Markets have returned from the post-holiday trading period and the next direction is likely to be determined by Fed rate policy and macroeconomic factors. But when we look at the market activity seen over the last two months, it evokes a setting of calmness that might be called "complacency" by some and outright "delusion" by others.
Key stock ETFs like the SPDR S&P 500 ETF (NYSEARCA:SPY) and the SPDR Dow Jones Industrial Average ETF (NYSEARCA:DIA) are comfortably trading near record highs -- and investors have not even had to wait for those "pesky" quarterly earnings reports that actually define whether or not valuations in a given stock are undervalued or overvalued. Instead, investors seem perfectly content riding the Trump Train that has promised a pro-business outlook designed to stimulate growth and bring prosperity back to a long-battered US economy. So it is critical for investors to eliminate this mindset and to instead position for what the high in this market will actually look like.
Chart View: SPDR S&P 500 ETF
Chart Source: Gold Traders
Over the last few weeks, we have written extensively to signal the potential warnings signs that are now becoming apparent in ways that could force the hand of the Federal Reserve and compel its members to act in ways that are still widely unexpected. These calls were accompanied by long trades in banking sector favorites like Bank of America Corp. (NYSE: BAC) and Citigroup Inc. (NYSE:C), as this is one of the few industries that is actually fueled by more constrictive interest rate policy.
In the chart above, we can see that the S&P 500 is benefiting significantly from bullish trends in equities. If we are viewing this from a both the fundamental and technical analysis perspectives, deviations this large are almost never viewed as sustainable. On an earnings basis, the S&P 500 itself is trading at a trailing P/E of 21, which is well above the 16 trailing P/E seen over the last 10 years. So it is important for those long equities to start trimming back on exposure or even to consider taking bearish options positions on the shorter-term time frames. This does not necessarily mean that it is time to exit all long-term positions -- but there is a growing likelihood that we will be seeing better opportunities to get long again toward the second half of next year.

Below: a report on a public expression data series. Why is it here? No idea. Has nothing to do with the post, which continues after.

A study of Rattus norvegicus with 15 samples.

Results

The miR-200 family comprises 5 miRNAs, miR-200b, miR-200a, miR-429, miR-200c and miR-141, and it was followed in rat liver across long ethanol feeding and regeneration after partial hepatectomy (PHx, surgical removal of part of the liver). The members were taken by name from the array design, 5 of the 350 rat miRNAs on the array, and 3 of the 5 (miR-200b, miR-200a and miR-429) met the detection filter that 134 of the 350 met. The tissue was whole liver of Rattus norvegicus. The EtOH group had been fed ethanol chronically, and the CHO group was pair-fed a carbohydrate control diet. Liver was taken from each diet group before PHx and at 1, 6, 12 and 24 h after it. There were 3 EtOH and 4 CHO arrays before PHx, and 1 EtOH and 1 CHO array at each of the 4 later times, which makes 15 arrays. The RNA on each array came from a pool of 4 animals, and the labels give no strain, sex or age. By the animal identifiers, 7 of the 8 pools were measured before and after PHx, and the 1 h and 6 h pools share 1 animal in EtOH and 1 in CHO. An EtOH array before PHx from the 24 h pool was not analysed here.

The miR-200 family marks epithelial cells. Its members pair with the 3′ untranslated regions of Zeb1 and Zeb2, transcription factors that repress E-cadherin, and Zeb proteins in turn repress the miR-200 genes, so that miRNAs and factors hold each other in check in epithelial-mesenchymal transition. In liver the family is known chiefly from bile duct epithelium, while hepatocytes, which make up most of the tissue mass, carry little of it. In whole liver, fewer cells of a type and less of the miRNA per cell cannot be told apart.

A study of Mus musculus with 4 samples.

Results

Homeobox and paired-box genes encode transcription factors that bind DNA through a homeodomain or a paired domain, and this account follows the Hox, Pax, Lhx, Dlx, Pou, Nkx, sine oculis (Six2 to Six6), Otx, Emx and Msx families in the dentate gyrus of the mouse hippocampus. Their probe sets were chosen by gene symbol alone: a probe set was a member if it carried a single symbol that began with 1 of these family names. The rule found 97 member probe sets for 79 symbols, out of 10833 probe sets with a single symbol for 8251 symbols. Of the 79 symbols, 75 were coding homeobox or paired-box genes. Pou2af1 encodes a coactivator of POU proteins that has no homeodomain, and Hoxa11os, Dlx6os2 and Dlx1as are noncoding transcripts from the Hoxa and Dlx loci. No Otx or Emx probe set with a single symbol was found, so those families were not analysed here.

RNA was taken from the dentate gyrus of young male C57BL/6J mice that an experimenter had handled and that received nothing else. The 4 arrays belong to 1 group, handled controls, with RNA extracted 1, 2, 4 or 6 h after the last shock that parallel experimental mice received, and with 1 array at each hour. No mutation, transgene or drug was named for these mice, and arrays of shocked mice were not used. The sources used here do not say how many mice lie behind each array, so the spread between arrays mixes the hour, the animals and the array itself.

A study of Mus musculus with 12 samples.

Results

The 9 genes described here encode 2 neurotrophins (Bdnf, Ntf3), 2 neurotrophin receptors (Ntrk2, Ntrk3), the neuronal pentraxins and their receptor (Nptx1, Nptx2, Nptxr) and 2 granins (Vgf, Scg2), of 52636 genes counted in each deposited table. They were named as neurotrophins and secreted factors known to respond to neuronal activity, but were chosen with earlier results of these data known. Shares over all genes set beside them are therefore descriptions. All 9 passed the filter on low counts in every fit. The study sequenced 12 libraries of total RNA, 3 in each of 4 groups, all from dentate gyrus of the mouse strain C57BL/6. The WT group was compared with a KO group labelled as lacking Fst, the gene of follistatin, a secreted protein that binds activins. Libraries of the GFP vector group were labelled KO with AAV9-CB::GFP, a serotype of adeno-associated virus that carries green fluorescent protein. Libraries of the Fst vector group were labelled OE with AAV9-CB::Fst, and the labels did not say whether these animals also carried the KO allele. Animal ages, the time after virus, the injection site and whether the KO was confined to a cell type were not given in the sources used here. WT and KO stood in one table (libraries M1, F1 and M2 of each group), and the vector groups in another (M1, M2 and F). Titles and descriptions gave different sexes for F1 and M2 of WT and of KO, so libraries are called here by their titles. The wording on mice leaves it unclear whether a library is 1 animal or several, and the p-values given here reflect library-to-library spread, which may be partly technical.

Chart View: US CPI
Chart Source: Gold Traders
In this chart, we can see the changes in inflation over the last year (2016). Houston, do we have a problem? There were many opportunities for the Federal Reserve to start signaling interest rate increases earlier in 2016 -- but those opportunities were squandered in favor of the post-QE mindset used to justify "jobs stability" under the Obama administration.
If the Fed fails to see the importance of these consumer price trends before they truly develop, we could see a material impact within the price stability of broader economy itself in its ability to hit consumers. If this occurs, the Fed will be forced to alter its policy tone in ways that suggest higher interest rates and stalling equities valuations. Are these outright declines? No. But this is what the "decline" might start to look like in the current market environment.
Maybe the real question here is whether or not the optimism is warranted. Consumer confidence surveys heave reached their highest levels in 15 years, and investors seem to have no worry in sight with respect to their portfolio positioning and exposure in the equity markets. This is always a mistake in up markets, however, as potential consequences can still be seen. But when the unforeseen eventually happens, investors must have some form of protective asset allocation strategy in place so that prior gains are not given back.
Disclosure: I/we have no positions in any stocks mentioned, and no plans to initiate any positions within the next 72 hours.
I wrote this article myself, and it expresses my own opinions. I am not receiving compensation for it (other than from Seeking Alpha). I have no business relationship with any company whose stock is mentioned in this article.